Five or six years ago, on a Friday night with little else to do, a few friends and I rented "Left Behind: the Movie," a filmic adaptation of the best-selling series about the Rapture and subsequent struggle for control of the world between the remaining Christians and the Anti-Christ, who comes to prominence as the Secretary-General of the United Nations. It was, in a word, awful--not even really enjoyable as kitsch, and kind of troubling in the moral absolutes it flourished.
But then, that series of books did sell 60 million copies, despite probably having less literary value than Saddam's romance novels and about as much redeeming social quality as any of Ann Coulter's prose defecations. So I guess there's an audience for this.
The question I have now might be whether that audience plays XBox:
Praise the Lord and pass the ammunition.
As the video game industry gathers at the Los Angeles Convention Center this week for the annual Electronic Entertainment Expo, a devout group of publishers is praying for a direct strike on their elusive target: the eternal souls of game players.
One game, "Left Behind: Eternal Forces," which debuts today at the expo, features plenty of biblical smiting, albeit with high-tech weaponry as players battle the forces of the Antichrist in a smoldering world approaching Armageddon.
" 'Left Behind' has the Antichrist, the end of the world, the apocalypse," said co-creator Jeffrey S. Frichner. "It's got all the Christian stuff, and it's still got all the cool stuff."
That's why industry watchers predict that titles like "Eternal Forces" will find a broader audience in the same way Christian houses of worship like Pastor Rick Warren's Saddleback Church in Lake Forest have attracted followers — in part by not being overly doctrinaire.
"The reason that I think this game has a chance is that it's not particularly preachy," said Michael Pachter, an analyst at Wedbush Morgan Securities. "I will say some of the dialogue is pretty lame — people saying, 'Praise the Lord' after they blow away the bad guys. I think they're overdoing it a bit. But the message is OK."
The game is based on the best-selling series of "Left Behind" books, which offer an account of the end times as predicted in the biblical book of Revelation. One of the series' authors, Tim LaHaye, said the game had the potential to communicate ideas such as salvation to people who might not think of themselves as particularly interested.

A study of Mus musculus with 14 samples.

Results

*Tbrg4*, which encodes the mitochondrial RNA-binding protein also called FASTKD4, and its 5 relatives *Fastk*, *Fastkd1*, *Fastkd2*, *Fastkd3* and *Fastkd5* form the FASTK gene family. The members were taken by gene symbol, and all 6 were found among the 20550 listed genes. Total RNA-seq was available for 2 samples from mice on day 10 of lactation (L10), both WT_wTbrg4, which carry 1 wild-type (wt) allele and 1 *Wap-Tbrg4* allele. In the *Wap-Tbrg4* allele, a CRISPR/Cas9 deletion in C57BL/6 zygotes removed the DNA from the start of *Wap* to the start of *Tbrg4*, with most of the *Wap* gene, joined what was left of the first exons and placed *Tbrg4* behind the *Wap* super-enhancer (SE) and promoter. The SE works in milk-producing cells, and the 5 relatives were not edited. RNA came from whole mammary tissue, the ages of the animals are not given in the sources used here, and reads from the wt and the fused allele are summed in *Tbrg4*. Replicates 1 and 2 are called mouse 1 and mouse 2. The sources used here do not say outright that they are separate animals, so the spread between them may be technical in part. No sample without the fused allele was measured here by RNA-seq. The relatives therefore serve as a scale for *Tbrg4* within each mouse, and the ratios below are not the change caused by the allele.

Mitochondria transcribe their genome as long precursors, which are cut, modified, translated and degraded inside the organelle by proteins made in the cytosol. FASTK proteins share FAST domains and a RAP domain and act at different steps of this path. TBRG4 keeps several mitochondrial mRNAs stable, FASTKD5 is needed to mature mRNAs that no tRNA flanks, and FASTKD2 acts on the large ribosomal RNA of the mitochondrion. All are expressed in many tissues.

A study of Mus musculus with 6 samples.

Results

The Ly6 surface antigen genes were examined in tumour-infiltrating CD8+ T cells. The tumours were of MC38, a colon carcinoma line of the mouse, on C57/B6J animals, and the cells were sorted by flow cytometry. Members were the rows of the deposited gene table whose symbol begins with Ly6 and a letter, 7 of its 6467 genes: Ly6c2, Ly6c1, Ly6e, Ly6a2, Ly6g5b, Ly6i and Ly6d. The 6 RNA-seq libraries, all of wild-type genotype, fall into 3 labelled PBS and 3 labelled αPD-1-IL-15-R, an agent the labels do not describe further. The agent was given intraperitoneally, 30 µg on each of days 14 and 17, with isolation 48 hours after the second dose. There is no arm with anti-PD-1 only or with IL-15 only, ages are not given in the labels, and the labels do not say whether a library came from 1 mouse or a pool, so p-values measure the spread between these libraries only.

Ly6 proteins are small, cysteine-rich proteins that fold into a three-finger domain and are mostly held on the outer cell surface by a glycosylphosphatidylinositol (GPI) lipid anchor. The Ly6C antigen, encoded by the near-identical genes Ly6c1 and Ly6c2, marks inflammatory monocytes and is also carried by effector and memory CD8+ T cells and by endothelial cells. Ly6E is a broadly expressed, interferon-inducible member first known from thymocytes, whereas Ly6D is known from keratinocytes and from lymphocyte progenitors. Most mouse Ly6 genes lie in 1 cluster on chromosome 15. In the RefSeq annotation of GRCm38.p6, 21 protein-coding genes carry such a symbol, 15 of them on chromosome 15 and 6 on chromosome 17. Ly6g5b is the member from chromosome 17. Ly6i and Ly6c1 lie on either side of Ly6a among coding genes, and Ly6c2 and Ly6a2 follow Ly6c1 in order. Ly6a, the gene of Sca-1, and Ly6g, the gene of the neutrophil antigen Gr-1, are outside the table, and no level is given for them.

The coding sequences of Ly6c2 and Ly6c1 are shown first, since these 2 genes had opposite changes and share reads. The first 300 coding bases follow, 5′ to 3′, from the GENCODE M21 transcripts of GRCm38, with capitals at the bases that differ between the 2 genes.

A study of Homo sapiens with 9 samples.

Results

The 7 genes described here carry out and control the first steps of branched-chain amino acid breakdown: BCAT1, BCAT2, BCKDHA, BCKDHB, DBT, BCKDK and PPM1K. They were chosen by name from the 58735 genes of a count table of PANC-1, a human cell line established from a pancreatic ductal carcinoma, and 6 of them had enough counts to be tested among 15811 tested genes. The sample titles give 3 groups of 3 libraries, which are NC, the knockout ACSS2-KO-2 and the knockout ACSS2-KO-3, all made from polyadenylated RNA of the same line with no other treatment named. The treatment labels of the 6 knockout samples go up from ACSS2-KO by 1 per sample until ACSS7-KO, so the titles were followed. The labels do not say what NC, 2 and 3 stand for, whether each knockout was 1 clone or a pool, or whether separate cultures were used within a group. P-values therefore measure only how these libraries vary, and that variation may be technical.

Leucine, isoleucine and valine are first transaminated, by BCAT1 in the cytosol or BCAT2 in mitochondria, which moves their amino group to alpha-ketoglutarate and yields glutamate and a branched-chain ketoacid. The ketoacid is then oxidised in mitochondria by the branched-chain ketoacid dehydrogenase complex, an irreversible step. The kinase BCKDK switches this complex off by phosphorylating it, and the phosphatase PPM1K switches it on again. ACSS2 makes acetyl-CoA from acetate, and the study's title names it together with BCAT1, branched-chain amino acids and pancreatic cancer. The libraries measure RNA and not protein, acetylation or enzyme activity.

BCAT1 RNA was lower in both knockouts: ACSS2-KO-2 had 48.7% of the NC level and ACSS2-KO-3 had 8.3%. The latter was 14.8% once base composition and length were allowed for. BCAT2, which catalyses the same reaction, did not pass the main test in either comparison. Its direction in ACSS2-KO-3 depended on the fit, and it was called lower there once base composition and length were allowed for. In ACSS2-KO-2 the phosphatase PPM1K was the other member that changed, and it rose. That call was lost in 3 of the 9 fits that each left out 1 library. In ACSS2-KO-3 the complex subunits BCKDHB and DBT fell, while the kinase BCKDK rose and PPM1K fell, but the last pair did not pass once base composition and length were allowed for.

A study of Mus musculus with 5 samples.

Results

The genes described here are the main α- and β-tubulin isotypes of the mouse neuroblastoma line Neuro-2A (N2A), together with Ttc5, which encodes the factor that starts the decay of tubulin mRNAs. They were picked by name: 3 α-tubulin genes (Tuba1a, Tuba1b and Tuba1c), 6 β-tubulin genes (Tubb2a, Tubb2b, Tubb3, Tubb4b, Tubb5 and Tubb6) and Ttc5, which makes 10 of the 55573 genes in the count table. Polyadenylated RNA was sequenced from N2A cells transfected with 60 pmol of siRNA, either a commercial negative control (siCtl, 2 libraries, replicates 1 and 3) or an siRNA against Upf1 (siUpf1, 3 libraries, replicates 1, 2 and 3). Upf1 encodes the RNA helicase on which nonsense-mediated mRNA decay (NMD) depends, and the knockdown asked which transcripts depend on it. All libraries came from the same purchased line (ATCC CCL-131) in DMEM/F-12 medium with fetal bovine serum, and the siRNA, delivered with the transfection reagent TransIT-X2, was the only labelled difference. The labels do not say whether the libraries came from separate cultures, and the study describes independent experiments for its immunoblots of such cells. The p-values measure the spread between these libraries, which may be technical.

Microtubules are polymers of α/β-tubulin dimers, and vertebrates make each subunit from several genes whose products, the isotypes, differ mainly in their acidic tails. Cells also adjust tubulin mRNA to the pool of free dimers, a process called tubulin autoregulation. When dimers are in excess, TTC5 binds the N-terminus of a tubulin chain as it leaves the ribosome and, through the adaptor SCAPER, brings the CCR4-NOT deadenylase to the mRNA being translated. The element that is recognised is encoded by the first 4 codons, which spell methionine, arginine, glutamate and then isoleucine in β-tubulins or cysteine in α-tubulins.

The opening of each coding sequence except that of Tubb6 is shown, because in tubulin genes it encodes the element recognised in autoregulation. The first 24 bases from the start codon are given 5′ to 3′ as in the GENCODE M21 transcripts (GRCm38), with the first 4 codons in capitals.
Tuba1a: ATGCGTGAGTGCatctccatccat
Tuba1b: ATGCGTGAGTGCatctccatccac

"We hope teenagers like the game," LaHaye said. "Our real goal is to have no one left behind."
The 14 "Left Behind" books, which LaHaye wrote with Jerry B. Jenkins, have sold about 65 million copies. Lyndon and Frichner recognized that the series had all the elements of a successful game — namely, action and conflict.
It took 18 months to raise enough money to secure the license from Tyndale House, the Christian publisher of "Left Behind," in 2001. They financed the early game development themselves, with Lyndon mortgaging his home twice and Frichner selling his house to raise cash. Some programming is done in Kiev, Ukraine, to limit costs. After the commercial success of Mel Gibson's "The Passion of the Christ," the two were able to raise the money to finish the project.
"There's an audience here," said A. Larry Ross, president of a Dallas-based Christian public relations firm that helped to market Gibson's "Passion" and three movie adaptations of the "Left Behind" books.
"In addition to the youth audience — that's the primary target — there are parents who are concerned about what their children are exposed to and are encouraged by products that are biblically based," Ross said. "I would assume, if there is violence, it's the cosmic struggle of good versus evil, not gratuitous violence."
At the Carpetbagger, where I read about this yesterday, some readers have suggested alternate titles to follow up on the success of "Left Behind: Eternity Force." (He also references the wonderful Simpsons episode in which Rod and Tod Flanders, grieving for their late mother, play "Billy Graham's Bible Blaster!" with Bart, in which you have to shoot the heathens to convert them; a non-direct hit makes them Unitarians.) One is "Inquisition"; another is "Kill the Jews." I'm guessing that "Inquisition" is more of a strategy/role-player, where "Kill" is more of a first-person shooter title.
Others noted the parallels between the righteous Christian violence of this game and the deplorable Muslim violence we see all too often in the real world. But they don't develop the concept; that's why I'm here today. If only there were a viable videogame market in the Arab world; suicide bombings and terrorist attacks also have those vital elements of "action and conflict."
Just imagine a whole series of these games: starting with "Jihad: Resistance!," you train in the Afghan base camp, master small arms, explosives and basic insurgency techniques, and then attack the infidel occupiers. Then in "Jihad: Martyr!" you run suicide bombing missions: first the Israeli schoolbus, then the nightclub in Amman, and finally the U.S. Army barracks. Finally, in "Jihad: Sheikh!" you get to *play* bin Laden, directing your finances from sympathizers in oil ministries throughout the middle east and elsewhere, recruit planners and operatives, and finally draw up and carry out spectacular attacks that kill thousands and set the stage for that battle of civilizations you've been aching for.
Hey, it's the cosmic struggle of good vs. evil. What's a little violence thrown in?